Japan is likely to recognize Taiwan as a country should the nation continue to be governed freely and democratically, former Japanese vice minister of defense Yasuhide Nakayama said in Taipei yesterday.
Nakayama visited Taiwan for the first time to promote the Chinese-language version of his book Statesman Yasuhide Nakayama.
Two Japanese House Representatives from the Constitutional Democratic Party recently said that Taiwan had escalated tensions with China, and urged Japanese Prime Minister Fumio Kishida to state that he does not support Taiwanese independence.
Photo: Tien Yu-hua, Taipei Times
“Their statements do not represent the ruling party or the Japanese government. Nor do they have any bearing on government policy,” Nakayama said at a news conference.
However, “Japan is a free and democratic country, and any political party is free to state its position,” he added.
“Taiwan has all the basic elements of a nation — territory, people and a clearly defined population. I believe that it is highly possible that Taiwan will be recognized by Japan as a country if it maintains a free and democratic system,” Nakayama said.
Okinawa Prefecture Governor Denny Tamaki last month told Chinese daily the Global Times that he did not agree with former Japanese prime minister Shinzo Abe’s statement that “a Taiwanese emergency is a Japanese emergency.”
Okinawans would “not allow” the prefecture “to be targeted by military strikes,” Tamaki added.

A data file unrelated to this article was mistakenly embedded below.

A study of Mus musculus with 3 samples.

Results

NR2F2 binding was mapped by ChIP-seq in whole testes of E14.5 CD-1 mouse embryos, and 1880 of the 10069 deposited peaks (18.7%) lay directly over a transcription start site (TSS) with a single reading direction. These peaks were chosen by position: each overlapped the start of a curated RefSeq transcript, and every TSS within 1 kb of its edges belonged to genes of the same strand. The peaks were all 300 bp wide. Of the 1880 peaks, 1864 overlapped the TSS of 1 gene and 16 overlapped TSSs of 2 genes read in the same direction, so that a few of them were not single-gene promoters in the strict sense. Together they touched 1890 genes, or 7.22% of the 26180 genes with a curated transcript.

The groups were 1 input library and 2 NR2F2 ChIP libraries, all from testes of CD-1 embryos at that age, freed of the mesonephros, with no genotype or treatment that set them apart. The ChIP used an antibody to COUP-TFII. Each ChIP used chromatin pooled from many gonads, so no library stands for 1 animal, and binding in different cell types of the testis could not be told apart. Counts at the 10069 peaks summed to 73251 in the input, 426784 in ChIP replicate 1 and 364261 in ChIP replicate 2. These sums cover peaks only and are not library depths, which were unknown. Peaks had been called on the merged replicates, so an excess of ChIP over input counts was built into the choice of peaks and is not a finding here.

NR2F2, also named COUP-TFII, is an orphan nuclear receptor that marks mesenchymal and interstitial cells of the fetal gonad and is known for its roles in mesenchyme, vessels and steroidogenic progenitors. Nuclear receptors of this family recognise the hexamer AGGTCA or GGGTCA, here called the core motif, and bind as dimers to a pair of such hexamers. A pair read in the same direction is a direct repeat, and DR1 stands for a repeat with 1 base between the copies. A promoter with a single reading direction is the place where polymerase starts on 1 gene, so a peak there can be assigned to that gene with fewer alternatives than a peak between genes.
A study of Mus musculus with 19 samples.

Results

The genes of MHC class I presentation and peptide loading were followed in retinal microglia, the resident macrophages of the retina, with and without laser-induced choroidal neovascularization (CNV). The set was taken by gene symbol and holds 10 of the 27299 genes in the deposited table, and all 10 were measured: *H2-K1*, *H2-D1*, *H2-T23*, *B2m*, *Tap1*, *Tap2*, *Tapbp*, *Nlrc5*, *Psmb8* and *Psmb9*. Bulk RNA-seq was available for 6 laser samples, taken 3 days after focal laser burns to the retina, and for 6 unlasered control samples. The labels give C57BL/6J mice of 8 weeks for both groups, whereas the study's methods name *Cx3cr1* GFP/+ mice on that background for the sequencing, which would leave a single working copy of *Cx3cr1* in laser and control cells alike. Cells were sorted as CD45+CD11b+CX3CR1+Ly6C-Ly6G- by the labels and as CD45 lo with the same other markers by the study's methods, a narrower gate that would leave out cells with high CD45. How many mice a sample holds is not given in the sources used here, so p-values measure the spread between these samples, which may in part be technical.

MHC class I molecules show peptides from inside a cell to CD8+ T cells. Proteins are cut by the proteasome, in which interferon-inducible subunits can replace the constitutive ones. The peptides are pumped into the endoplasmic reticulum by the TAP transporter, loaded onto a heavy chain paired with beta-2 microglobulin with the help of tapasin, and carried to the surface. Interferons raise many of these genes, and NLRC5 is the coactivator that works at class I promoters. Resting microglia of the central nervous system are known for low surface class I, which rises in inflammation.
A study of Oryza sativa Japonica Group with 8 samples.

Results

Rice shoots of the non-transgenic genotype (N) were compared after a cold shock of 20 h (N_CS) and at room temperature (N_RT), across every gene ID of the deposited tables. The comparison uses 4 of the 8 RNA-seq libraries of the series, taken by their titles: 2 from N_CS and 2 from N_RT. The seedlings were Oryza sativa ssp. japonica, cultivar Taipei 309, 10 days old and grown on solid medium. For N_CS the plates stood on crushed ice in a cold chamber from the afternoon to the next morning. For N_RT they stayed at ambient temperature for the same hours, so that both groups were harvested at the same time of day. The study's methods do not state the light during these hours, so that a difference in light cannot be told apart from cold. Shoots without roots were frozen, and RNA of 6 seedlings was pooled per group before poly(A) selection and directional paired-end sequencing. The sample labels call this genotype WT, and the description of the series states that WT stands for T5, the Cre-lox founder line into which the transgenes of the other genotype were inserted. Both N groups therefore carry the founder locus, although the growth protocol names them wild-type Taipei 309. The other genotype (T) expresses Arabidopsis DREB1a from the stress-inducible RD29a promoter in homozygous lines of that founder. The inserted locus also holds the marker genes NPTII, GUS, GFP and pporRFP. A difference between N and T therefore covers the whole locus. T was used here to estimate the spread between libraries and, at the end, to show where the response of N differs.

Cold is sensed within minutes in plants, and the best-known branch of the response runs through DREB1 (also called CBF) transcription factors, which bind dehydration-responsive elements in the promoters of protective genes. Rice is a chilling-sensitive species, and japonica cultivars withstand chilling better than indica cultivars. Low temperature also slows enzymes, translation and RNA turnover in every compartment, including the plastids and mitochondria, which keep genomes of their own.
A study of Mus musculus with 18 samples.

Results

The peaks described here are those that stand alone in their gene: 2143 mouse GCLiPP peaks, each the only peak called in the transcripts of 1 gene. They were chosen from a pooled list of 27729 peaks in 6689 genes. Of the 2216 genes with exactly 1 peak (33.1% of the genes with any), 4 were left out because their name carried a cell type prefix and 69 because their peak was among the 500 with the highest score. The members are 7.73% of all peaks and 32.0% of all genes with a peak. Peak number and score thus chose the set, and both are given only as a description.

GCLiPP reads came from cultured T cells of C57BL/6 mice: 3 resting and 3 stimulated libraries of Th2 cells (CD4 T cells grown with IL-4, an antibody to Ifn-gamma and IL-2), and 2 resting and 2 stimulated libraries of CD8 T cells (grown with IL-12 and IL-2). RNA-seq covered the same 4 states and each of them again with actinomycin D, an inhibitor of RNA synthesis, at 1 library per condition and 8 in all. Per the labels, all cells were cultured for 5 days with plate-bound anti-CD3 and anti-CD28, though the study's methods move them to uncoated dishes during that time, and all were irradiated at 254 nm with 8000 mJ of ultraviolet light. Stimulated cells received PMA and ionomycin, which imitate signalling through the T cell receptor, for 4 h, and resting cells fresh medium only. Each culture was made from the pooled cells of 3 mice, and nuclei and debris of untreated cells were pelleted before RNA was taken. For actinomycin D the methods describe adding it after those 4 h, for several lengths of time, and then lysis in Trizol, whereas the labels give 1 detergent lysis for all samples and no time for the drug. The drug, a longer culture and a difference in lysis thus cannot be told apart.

Asked to respond to the comments, Nakayama said that formulating national defense policy is the jurisdiction of the Japanese government, and statements by local officials do not affect national policy.
Tokyo reportedly is planning to expand military units on Okinawa in anticipation of possible conflicts with China over Taiwan.
Nakayama said the Japanese government has been concerned about China’s ambitions in the South China Sea and the Ryukyu Islands, and that Japan has been increasing its defense budget since the Abe administration, including reinforcing the Ryukyu Islands’ military infrastructure.
It is important that the US, Japan and other democratic allies protect Taiwan and make sure that it is not orphaned by the international community, he said.
In his opening remarks at the news conference, Nakayama cited China and Russia as the two biggest military threats facing Japan.
When China held military exercises in August following the visit to Taiwan by US House of Representative Speaker Nancy Pelosi, five ballistic missiles were reportedly fired into waters that are part of Japan’s exclusive economic zone.
“It was not a coincidence. The Chinese People’s Liberation Army did it on purpose to threaten Japan. This is evidence of why ‘a Taiwanese emergency is Japanese emergency,’” Nakayama said.
“Unlike World War II, nearly 80 years ago, when war was mainly fought on land, at sea and in the air, the battlefields have now expanded to space, cyberspace and electromagnetic technology” that targets radar and communications systems, he said.
Taiwan needs to strengthen its resilience in these new battlefields, and increase partnerships with the US and Japan against possible Chinese attacks, he said.
Ukrainians would not be winning the war against Russia without satellite services provided by Elon Musk, he added.